The board under the memorandum of understanding will prescribe penalties in cases where it substantiates complaints that are consistent with the guidelines established recently under the Police Department's disciplinary matrix. If Mr. Shea steps outside those guidelines, he will explain in writing the reasons he did so, and those reports will be made available to the public.
Won't Be the Norm?
CCRB Chairman Fred Davie said during an interview that evening on NY1's "Inside City Hall" that he believed such instances would occur only where there were "extraordinary circumstances."
Mr. Shea earlier in the day had noted that more than 90 percent of city cops don't have a single substantiated CCRB complaint in their records. Despite the frequent confrontations between police and demonstrators protesting police abuses here in the wake of the killing of George Floyd last May in Minneapolis, the 3,875 complaints last year were just slightly more than half the number filed in 2006.
The agreement was reached less than two weeks before the City Council was going to begin consideration of a bill that would shift the Police Commissioner's authority as the final word on police discipline to the CCRB in cases involving use of force, abuse of authority, and offensive language. It was not clear whether the agreement was reached to short-circuit that measure, but it would be hard to justify moving forward with it when the CCRB now believes it will have its rulings taken more seriously than they were in the past.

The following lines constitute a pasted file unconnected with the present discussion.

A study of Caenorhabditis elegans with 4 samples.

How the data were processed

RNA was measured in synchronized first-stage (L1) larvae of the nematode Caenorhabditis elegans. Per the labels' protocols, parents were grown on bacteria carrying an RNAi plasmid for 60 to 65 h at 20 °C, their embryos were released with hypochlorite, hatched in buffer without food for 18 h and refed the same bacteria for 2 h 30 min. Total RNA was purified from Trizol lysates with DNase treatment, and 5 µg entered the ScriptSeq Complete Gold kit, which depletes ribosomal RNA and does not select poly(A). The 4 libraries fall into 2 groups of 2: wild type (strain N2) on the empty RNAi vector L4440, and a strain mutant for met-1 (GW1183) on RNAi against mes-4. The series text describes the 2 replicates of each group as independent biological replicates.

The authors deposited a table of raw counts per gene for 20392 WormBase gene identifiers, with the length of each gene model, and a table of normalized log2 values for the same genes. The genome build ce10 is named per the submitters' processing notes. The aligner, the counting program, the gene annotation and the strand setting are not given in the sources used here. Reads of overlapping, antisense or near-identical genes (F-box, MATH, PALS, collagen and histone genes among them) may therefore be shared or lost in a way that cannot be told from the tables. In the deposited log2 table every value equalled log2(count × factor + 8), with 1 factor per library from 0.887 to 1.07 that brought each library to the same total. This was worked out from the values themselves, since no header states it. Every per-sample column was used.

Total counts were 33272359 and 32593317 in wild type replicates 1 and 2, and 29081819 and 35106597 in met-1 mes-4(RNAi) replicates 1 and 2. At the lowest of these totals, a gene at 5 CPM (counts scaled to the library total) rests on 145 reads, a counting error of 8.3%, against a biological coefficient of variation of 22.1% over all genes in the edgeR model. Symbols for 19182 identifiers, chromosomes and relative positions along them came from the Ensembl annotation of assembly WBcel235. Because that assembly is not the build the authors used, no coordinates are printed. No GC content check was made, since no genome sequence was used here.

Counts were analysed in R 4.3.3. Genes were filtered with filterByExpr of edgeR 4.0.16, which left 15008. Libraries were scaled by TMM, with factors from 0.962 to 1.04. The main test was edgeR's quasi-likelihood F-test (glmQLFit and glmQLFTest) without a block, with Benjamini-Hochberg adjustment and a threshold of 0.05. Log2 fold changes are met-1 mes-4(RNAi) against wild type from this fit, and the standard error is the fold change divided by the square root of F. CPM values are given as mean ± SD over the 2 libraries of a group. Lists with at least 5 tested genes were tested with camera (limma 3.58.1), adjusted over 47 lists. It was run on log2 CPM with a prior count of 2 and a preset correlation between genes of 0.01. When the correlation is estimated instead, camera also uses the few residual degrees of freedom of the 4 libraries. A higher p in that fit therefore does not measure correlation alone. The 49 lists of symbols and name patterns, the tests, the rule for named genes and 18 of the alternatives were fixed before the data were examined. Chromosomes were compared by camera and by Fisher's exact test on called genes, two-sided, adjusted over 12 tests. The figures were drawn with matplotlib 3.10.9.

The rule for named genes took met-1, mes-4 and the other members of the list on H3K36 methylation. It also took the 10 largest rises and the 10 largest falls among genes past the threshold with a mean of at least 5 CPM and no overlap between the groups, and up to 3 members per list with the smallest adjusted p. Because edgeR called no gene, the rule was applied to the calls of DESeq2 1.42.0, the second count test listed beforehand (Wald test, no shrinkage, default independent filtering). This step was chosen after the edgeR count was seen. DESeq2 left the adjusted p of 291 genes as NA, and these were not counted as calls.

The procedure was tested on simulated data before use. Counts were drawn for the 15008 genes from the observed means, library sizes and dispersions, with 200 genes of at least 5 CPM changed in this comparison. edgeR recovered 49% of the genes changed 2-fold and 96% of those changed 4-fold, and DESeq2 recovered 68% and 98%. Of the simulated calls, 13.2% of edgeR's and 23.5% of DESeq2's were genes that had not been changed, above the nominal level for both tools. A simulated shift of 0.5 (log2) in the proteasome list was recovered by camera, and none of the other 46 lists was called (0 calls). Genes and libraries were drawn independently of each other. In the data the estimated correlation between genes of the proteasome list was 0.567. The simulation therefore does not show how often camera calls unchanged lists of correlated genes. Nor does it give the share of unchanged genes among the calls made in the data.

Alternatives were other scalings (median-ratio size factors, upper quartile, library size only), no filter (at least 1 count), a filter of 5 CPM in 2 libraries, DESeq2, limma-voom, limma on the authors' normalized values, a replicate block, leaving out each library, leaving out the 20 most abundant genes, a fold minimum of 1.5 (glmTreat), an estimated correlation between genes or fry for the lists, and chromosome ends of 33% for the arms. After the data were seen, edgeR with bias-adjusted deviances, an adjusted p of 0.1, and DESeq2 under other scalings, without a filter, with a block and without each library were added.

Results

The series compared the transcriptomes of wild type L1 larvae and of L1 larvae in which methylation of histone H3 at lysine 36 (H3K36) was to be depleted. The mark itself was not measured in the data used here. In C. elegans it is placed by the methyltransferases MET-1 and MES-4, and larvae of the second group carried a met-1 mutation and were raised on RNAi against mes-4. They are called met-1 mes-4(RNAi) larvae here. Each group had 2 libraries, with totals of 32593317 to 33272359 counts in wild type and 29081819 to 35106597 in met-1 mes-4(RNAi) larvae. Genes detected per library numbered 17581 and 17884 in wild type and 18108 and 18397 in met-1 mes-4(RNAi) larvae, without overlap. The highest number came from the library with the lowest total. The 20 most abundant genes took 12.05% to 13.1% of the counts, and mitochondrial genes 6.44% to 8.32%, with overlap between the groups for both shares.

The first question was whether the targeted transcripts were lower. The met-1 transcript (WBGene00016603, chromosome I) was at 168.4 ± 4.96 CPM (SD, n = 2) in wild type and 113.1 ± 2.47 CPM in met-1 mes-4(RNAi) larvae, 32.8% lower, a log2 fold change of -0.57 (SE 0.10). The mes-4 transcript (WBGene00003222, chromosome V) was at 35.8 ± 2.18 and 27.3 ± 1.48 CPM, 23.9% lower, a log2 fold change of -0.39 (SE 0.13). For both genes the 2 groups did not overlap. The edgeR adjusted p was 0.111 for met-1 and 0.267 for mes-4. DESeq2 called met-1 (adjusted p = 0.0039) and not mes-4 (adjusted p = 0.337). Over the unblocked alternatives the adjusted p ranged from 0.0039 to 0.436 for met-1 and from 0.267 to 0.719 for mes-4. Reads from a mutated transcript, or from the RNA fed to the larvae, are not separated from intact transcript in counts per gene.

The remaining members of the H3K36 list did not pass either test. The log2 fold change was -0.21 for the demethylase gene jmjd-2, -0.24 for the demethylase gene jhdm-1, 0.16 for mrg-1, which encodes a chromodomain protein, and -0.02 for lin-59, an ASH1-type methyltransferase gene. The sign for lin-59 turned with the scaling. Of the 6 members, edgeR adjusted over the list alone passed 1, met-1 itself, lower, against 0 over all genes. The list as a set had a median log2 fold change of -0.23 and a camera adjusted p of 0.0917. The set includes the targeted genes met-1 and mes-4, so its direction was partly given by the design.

Previous Commissioners often disregarded the board's recommendations. Over one five-year period, Police Commissioner Raymond W. Kelly imposed discipline in just one of eight cases in which the board concluded an officer had violated a departmental prohibition on chokeholds, and the punishment was the loss of just a few vacation days. That came to light after the 2014 death of Eric Garner in which a chokehold used by Officer Daniel Pantaleo was a contributing factor.
Top departmental officials in the past criticized the quality of the board's investigations, and said there were matters it ignored in recommending discipline that Commissioners considered important. This will be the first time that a Commissioner will have to spell out his or her reasoning.
Police Benevolent Association President Patrick J. Lynch, not surprisingly, was unimpressed. Saying that his members wanted "fairness and consistency in the NYPD disciplinary process," he accused Mayor de Blasio of using the new procedure as a "political prop...chasing the news cycle and making it harder for cops to do our job."